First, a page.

Trouble-Ridden Gusii Mwalimu Sacco In Court Counterclaim Loss

By The Weekly Vision Reporter

The once-thriving Gusii Mwalimu Sacco has of late experienced significant financial setbacks, with the most recent one being a Ksh. 968,000 counterclaim loss in court against a former employee named Benard Kibagendi Makori.  Mr Kibagendi sued Sacco on June 8, 2023, claiming to have been dismissed from his contract unfairly.  The case was heard on February 8, 2024, March 18, 2024, April 18, 2024, and May 6, 2024, where Mr Kibagendi and four witnesses called by Sacco testified.

A letter issued on October 3, 2019, communicated Kibagendi’s interdiction from employment. The interdiction was a consequence of his alleged unapproved creation of an ATM card for a member who had not submitted an application for the card. During the hearing, Kibagendi stated that he had been coerced into making the admission by the chair and other members of the Sacco’s board. Fearing potential repercussions, he refrained from disclosing the names of the chair and/or board members who had pressured him to accept responsibility.

Furthermore, in an unusual turn of events, Sacco’s board appealed for a counterclaim of Kshs 958,000/- from Kibagendi. This counterclaim was formally lodged in court on July 10, 2023, well over 3 years after Kibagendi’s purported acceptance of responsibility. The ruling reads, in part, “The counterclaim is dismissed with costs.”

The counterclaim was a reactionary measure taken by the board once they realized that Kibagendi had uncovered their fraudulent schemes to embezzle sacco funds. The fact that the board waited for three years before initiating the counterclaim raises the question of their motives and intentions. Kibagendi is presently pointing an accusatory finger at Board chairman David Ogega, claiming that he misled CEO Jared Makori into initiating a counterclaim against him three years after his services were unfairly terminated.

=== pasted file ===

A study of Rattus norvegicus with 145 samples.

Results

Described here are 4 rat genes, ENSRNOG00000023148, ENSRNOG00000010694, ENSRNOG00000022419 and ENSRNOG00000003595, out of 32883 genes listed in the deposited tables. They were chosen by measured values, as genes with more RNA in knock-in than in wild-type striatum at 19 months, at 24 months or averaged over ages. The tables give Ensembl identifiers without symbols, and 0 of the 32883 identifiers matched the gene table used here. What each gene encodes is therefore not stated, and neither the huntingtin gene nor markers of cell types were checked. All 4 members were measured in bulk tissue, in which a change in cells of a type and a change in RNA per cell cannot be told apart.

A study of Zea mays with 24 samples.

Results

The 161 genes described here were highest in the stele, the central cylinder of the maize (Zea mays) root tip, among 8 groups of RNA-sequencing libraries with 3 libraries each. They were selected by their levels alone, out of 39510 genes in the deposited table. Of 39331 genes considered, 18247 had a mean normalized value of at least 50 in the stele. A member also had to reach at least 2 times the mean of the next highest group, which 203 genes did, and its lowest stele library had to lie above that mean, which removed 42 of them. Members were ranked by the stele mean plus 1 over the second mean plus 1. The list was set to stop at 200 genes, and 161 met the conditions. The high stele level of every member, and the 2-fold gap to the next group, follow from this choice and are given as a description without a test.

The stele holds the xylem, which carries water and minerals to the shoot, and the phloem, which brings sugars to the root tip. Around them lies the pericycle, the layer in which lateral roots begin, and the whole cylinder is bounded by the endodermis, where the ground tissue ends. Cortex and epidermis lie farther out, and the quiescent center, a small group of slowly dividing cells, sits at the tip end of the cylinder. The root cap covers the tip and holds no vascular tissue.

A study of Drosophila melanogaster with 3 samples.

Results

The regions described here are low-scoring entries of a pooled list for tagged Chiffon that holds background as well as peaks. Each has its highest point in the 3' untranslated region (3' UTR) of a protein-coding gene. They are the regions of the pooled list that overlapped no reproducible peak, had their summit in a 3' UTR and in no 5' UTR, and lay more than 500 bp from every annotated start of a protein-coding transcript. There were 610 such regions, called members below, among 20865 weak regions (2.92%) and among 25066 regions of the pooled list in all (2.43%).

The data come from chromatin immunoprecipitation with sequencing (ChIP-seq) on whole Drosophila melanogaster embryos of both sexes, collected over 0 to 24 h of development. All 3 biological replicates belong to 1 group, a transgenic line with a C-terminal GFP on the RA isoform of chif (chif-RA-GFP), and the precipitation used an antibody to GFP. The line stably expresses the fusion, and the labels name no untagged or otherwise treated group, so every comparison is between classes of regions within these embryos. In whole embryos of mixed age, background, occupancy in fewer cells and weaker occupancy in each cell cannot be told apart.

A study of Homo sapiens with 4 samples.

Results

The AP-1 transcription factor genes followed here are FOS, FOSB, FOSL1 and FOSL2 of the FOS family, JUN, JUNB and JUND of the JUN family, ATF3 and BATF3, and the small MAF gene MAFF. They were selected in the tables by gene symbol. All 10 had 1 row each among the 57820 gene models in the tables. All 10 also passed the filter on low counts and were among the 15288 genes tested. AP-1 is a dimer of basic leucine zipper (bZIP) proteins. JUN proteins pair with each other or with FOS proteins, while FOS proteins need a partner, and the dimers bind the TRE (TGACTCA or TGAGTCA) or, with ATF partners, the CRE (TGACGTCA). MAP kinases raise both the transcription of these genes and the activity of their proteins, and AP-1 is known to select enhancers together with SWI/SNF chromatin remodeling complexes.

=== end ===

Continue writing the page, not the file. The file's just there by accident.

According to Kibagendi’s account, the CEO is merely a marionette controlled by the board and holds no sway in the management of Isaac’s affairs. He has endured duress, intimidation, and the constant threat of being fired if he did not conform or oppose the board’s deceitful methods of looting sacco funds.

According to sources within the Sacco, it has been reported that Makori has been unsuccessful in adapting to the significant responsibilities left by his predecessor, leading the board to consider his resignation in order to recruit a more capable CEO. However, upon further examination, it has been discovered that the strained relationship between the CEO and the board is a consequence of the CEO’s refusal to participate in fraudulent activities that could potentially lead to the misappropriation of SACCO funds.

According to credible sources, there are advanced discussions underway to appoint Nicholas Osoro, the Deputy CEO, as the successor to the current CEO (Makori). These sources indicate that Osoro maintains a close alliance with the board chairman and has exhibited a willingness to cooperate. Moreover, it has been discovered that the chairman favours assigning responsibilities directly to Osoro, bypassing the involvement of the CEO.

It is of utmost importance to emphasize that although it is alleged that money has been lost through the illicit production of ATM cards by Kibagendi, the board has not provided any information regarding the exact amount of the losses. There are suspicions that the board is engaging in fraudulent activities to unlawfully profit from the insurance. 

Furthermore, now that the court has thrown out the Kshs 958,000 counterclaim, does this mean that the Sacco members will have to bear the loss, or will the insurance company once again be required to provide coverage? Sacco has been dealing with significant financial difficulties, particularly about the unjust termination of employees on flimsy grounds.  According to Kibagendi, employees who uphold professional ethics and refuse to engage in corrupt practices with the board are singled out and dismissed without compensation. Kibagendi also mentioned that he was targeted to facilitate the hiring of a relative of one of the board members. 

Kibagendi further reveals that his dismissal from his job was a direct consequence of his refusal to partake in corrupt practices. The board had insisted that he procure ATM cards to withdraw money from members’ accounts and hand over the funds to them. Nevertheless, when he declined, he was falsely implicated and subsequently terminated. 

In addition, he maintains that he is fully aware of an ongoing ATM racket, wherein the board engages in ATM fraud to generate illicit profits without the knowledge of its members. These ill-gotten gains are then either presented to the members as losses or claimed from the insurance company for reimbursement. However, the truth of the matter is that this collaboration between the board and the staff constitutes nothing more than a blatant act of theft. 

According to Kibagendi’s interview with the writer, Gusii Mwalimu Sacco is described as a cash cow that the board exploits by engaging in various fraudulent activities to embezzle the funds contributed by its members.